Most companies don’t do long training programs like apprenticeships. In fact, according to the U.S. Bureau of Labor Statistics, less than 5% of high school graduates go into apprenticeships. Given that few U.S. industries offer them and most companies complain of a skills gap in the workforce, enterprising businesses could use these programs to jump ahead of the curve and gain a competitive advantage.
Competitive Advantages of Apprenticeships
Companies who offer apprenticeships report several advantages. For example, apprentices contribute while they’re learning. They can help you handle easier tasks while training for harder ones. Also, these folks can help you innovate. Someone who hasn’t been indoctrinated in the industry will often ask questions and challenge widely held assumptions that could lead to new ideas.
Every company feels the pressure of innovation today. The markets and business needs change constantly, so rather than paying a high salary for employees with past experience, why not pay a lower salary and end up with an employee trained specifically for your business in today’s market?
One retail pharmaceutical and health care company implemented an apprenticeship program for pharmacists in 2005. The case study is included in a report by Deloitte and the Aspen Institute:
“A senior business leader who focuses on workforce development strategies for the organization has recognized that apprenticeship programs are a powerful tool, benefiting both the apprentice and the organization. Participants of the apprenticeship program receive hands-on experience, industry-recognized credentials, and, in some instances, college credit, while the organization itself develops a pipeline of talented and skilled employees needed to fill current and future roles.”
Bottom-line Advantages of Apprenticeships
Apprentices work within your budget. You can hire at a lower salary and let the trainee earn more as he or she offers more value to the company. Also, without the pressure of a large salary, you can hire for attitude and make sure an employee is a cultural fit before you invest a lot of cash.
While it might seem that training someone for a couple of years would be costly, most apprenticeships pay off on the bottom line. According to a 2009 report of Canadian apprenticeships across different industries, the companies saw an average Benefit to Cost Ratio of 1.47 over 4 years. The longer apprentices stayed with a company, the more they contributed to the bottom line.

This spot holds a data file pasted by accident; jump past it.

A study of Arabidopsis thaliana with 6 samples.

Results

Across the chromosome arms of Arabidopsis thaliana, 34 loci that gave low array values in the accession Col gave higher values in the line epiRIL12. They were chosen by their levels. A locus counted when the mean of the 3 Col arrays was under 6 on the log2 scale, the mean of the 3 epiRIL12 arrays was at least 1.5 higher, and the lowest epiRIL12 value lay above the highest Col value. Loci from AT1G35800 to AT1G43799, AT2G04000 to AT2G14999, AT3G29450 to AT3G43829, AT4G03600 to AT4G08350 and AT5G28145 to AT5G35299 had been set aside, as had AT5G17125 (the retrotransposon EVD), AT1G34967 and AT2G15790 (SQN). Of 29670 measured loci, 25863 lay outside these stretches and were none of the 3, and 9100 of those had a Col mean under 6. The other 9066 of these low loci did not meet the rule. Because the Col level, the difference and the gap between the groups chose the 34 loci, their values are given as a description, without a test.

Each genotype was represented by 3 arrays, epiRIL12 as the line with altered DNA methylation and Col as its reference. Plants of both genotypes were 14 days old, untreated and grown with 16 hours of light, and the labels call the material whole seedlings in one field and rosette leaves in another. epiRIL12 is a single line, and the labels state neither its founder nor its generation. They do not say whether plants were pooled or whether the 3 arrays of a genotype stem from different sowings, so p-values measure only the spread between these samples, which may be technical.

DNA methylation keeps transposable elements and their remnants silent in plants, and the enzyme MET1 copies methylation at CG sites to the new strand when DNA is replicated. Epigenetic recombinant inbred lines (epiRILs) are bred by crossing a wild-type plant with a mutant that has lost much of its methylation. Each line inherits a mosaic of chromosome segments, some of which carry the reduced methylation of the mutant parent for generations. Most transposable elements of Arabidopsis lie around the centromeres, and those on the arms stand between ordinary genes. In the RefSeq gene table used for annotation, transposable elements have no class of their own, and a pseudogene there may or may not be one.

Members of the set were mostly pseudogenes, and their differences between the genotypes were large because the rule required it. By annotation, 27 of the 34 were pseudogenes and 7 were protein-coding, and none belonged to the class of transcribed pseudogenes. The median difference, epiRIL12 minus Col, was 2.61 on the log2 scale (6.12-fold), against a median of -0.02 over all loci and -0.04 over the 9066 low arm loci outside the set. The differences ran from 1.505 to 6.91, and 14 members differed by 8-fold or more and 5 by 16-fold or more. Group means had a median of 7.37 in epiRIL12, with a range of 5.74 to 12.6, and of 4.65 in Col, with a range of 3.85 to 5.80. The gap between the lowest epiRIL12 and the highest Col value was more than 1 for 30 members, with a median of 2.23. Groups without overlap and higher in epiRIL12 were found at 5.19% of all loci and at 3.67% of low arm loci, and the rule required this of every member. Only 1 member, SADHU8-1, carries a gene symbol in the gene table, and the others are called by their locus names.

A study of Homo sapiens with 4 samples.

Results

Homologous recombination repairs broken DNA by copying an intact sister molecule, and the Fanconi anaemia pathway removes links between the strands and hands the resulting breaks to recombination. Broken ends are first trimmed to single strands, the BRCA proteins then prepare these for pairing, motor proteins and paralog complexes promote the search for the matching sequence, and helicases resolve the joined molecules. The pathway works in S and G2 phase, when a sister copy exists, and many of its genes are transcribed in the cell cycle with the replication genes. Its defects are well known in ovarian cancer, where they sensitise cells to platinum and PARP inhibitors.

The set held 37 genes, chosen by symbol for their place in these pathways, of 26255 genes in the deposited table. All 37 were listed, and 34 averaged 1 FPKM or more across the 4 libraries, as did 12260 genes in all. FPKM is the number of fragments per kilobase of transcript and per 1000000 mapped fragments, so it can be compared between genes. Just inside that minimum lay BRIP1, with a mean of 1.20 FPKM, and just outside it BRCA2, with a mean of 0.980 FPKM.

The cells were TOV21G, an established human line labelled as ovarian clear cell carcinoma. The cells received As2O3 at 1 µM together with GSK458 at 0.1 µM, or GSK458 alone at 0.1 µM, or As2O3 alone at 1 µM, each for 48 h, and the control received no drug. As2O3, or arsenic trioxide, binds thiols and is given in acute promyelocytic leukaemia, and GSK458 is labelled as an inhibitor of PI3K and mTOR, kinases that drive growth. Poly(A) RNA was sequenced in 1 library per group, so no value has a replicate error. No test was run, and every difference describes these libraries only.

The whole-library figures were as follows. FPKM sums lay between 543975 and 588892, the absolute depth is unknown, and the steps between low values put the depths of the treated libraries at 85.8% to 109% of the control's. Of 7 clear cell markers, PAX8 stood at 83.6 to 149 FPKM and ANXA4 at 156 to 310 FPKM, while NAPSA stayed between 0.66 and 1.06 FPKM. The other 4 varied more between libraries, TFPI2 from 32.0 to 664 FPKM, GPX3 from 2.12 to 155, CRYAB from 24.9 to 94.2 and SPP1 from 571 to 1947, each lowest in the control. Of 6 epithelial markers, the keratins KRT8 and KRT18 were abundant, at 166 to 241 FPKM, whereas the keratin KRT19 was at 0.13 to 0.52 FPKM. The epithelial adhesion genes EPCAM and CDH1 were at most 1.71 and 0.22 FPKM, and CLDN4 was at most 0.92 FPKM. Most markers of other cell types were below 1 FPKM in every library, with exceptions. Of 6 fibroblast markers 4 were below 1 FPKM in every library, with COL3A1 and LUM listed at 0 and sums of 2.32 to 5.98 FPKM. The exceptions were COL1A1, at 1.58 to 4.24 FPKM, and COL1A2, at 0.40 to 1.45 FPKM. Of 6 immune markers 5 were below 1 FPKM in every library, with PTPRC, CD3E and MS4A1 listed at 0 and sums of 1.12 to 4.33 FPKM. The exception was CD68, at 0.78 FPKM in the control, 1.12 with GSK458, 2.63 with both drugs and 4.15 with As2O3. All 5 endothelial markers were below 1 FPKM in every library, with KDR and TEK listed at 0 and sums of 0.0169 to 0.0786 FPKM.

Employee Loyalty with Apprenticeships
Businesses who don’t currently offer apprenticeships may be concerned that they’ll train someone for several months and lose them to competitors later. However, most companies that do offer programs report that poaching hasn’t been a problem. In fact, “employers in other countries have found that apprenticeship actually increases worker loyalty.”
We already know that training and development improve productivity and reduce turnover. When you have employees who are steadily growing in their jobs, most don’t look around for another one.
Getting Started with Apprenticeships
And if you’re thinking of creating a program, you can take advantage of government training initiatives to get started. For example, Upskill America (upskillamerica.org) is a coalition of business, education, training and human resources organizations designed to identify areas where educators and business can work together to help students master the skills businesses need. And the U.S. Department of Labor offers several resources, including a guide for creating apprenticeships and building partnerships in the community. You can even register your apprenticeship to get tax credits, which offset your setup costs.
Although apprenticeships in the U.S. are still not common, businesses are starting to recognize their value. In fact, there are 35,000 more Americans in apprenticeships today than in 2013.
No one program will solve all the training and hiring problems out there, but apprenticeships are a smart way to get bright young employees – the superstars of tomorrow – on your team today. Perhaps we should be doing more of them.
Learn how Pract.us can help you build an apprenticeship in your business.